One study of cannabis users found they had a lower risk of bladder cancer, but their risk of developing prostate cancer increased.
We don’t know yet whether cannabis, or any of the chemicals in cannabis, are useful to treat cancer. But it’s an important topic to discuss. And because we believe in the power of research, we dug into the science to answer some of the top questions you might have on cannabis and its effect on cancer.
Relatively. The doses sold in UK health stores are generally too low to cause any serious harm. Side effects of CBD include nausea, fatigue and diarrhoea. Most importantly, it can affect certain medications and you should always check with your GP before trying CBD oil. Because CBD oil is freely available to purchase in stores, it is not as tightly regulated as medicines.
Is CBD oil safe?
There is no evidence that CBD oil can be used to treat cancer in people. CBD does show promise for the management of some cancer related symptoms, including pain and anxiety, however, more research into appropriate amounts of CBD and its effects on humans is necessary.
Some cannabinoids inhibit the growth of tumour cells in test tubes and mice, but others encourage growth. Human studies are still small and hard to come by.
This is why research and regulated clinical trials are so important. They enable us to make informed decisions on what treatments are likely to work best based on solid evidence.
The problem with these stories is that it’s difficult to know whether you have all of the facts. It’s impossible to make any kind of judgement without knowing about the type of cancer, other treatment and the person’s medical history.
To date, no large-scale studies have shown CBD to have benefits for the treatment of people with cancer. Most studies that have been done evaluating CBD as a cancer treatment were in mice or in human cells in the lab. For instance, there are some studies that have shown that CBD inhibits the growth of cancer cells in mice with lung cancer or colon cancer. Another study showed that CBD, together with THC, killed glioblastoma cancer cells in the lab. However, no studies have been conducted in people with cancer.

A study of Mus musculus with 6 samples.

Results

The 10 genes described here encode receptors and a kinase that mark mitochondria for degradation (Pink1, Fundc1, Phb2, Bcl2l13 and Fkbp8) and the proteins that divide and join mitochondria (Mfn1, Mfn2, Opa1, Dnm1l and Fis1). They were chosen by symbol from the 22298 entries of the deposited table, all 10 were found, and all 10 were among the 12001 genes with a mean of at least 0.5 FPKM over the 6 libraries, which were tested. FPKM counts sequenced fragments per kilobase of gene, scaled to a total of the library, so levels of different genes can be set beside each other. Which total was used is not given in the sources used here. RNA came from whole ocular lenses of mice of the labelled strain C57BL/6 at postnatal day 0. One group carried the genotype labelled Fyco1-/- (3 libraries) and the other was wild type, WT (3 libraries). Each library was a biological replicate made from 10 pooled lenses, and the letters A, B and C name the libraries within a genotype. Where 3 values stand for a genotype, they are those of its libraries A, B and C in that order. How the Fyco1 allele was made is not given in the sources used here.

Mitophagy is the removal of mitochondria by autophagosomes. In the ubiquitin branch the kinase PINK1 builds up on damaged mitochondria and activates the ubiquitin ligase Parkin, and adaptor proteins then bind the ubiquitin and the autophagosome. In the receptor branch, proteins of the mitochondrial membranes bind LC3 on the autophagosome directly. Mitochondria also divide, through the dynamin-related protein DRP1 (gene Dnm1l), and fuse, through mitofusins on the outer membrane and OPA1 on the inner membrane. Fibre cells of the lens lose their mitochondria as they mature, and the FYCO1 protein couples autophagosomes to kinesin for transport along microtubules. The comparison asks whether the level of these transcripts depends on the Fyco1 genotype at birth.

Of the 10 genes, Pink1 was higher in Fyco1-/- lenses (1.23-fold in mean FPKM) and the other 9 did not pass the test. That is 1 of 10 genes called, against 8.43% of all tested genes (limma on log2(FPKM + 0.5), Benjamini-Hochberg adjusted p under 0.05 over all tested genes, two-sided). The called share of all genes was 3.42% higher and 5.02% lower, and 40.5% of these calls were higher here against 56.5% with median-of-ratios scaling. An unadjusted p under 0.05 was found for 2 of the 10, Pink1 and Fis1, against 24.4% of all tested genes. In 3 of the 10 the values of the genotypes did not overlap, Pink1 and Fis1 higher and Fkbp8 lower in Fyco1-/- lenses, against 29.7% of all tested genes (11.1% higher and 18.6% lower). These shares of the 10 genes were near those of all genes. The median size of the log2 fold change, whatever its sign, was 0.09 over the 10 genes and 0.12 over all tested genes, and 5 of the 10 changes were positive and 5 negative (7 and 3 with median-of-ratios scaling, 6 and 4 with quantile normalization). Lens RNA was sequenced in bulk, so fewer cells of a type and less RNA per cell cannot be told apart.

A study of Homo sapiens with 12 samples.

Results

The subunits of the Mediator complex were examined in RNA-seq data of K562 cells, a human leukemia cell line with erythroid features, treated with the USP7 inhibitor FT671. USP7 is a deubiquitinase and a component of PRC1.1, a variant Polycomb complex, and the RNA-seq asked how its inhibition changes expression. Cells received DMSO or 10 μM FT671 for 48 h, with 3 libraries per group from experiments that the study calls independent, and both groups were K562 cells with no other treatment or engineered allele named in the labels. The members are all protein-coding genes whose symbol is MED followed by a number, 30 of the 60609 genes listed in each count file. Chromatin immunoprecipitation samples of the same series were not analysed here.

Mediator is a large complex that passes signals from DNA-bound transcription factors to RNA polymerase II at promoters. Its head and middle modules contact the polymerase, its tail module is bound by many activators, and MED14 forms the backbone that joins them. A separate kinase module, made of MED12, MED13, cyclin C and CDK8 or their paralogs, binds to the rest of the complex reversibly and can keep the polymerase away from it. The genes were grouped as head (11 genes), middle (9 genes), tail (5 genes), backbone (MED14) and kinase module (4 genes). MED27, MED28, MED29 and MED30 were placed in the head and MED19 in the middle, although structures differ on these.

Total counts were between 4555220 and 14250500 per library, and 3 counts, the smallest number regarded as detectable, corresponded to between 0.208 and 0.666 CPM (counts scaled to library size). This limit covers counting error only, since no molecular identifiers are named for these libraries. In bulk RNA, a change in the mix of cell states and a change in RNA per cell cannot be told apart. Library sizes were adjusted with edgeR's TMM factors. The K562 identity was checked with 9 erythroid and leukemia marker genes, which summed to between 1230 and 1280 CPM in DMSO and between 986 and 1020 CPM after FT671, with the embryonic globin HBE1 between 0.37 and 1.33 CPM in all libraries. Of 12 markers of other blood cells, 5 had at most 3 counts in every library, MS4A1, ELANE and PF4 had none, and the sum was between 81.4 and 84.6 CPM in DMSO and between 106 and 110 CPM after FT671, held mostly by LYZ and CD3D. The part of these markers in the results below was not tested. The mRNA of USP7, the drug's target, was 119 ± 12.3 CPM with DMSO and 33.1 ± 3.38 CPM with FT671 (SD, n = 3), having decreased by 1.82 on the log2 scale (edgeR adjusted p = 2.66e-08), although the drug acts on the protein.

Studies to answer this question are underway. Some scientists are studying whether CBD could relieve some of the side effects of cancer and its treatment, such as pain, insomnia, anxiety, or nausea. Other scientists are studying whether CBD could potentially slow or stop the growth of cancer.
There have been some studies that show that CBD, alone or together with THC, may relieve pain, insomnia, or anxiety, but these studies were not specific to people with cancer. While no studies to date have shown that CBD eases these side effects specifically in people with cancer or people receiving cancer treatment, some people with cancer have reported benefits in taking CBD, such as helping with nausea, vomiting, depression, and other side effects. According to ASCO guidelines, your doctor may consider prescribing cannabinoids for chronic pain management if you live in a state where it is legal. However, ASCO guidelines state that there is not enough evidence to support the use of cannabinoids for preventing nausea and vomiting in people with cancer receiving radiation therapy or chemotherapy.
Can CBD help people with cancer?
You may find stories online of people discussing the benefits of CBD as a cancer treatment or as relief for side effects. Please remember that such personal stories, while they may be well-meaning, are shared without scientific study and do not constitute evidence. The safety and efficacy of CBD for people with cancer still has to be proven in large, randomized, controlled clinical trials.
There are 2 synthetic cannabis medications, nabilone (Cesamet) and dronabinol (Marinol or Syndros), that are FDA-approved to treat nausea and vomiting related to chemotherapy. These medications are made in a laboratory.
There is much about CBD that is still unknown. It has largely gone unstudied because, until 2018, it was considered a schedule I drug by the U.S. Drug Enforcement Administration (DEA). A schedule I drug is a drug that has been declared illegal by the DEA because of safety concerns over its potential for abuse and because there is no accepted medical use for it. Then, in September 2018, the DEA updated CBD’s status to become a schedule V drug. Schedule V drugs have a lower potential for abuse and are deemed to have some medical use.
Yet there’s very little research around CBD and its use in treating people with cancer. Here’s what to know about what CBD is and what science currently shows about whether it’s safe and effective for people with cancer to use.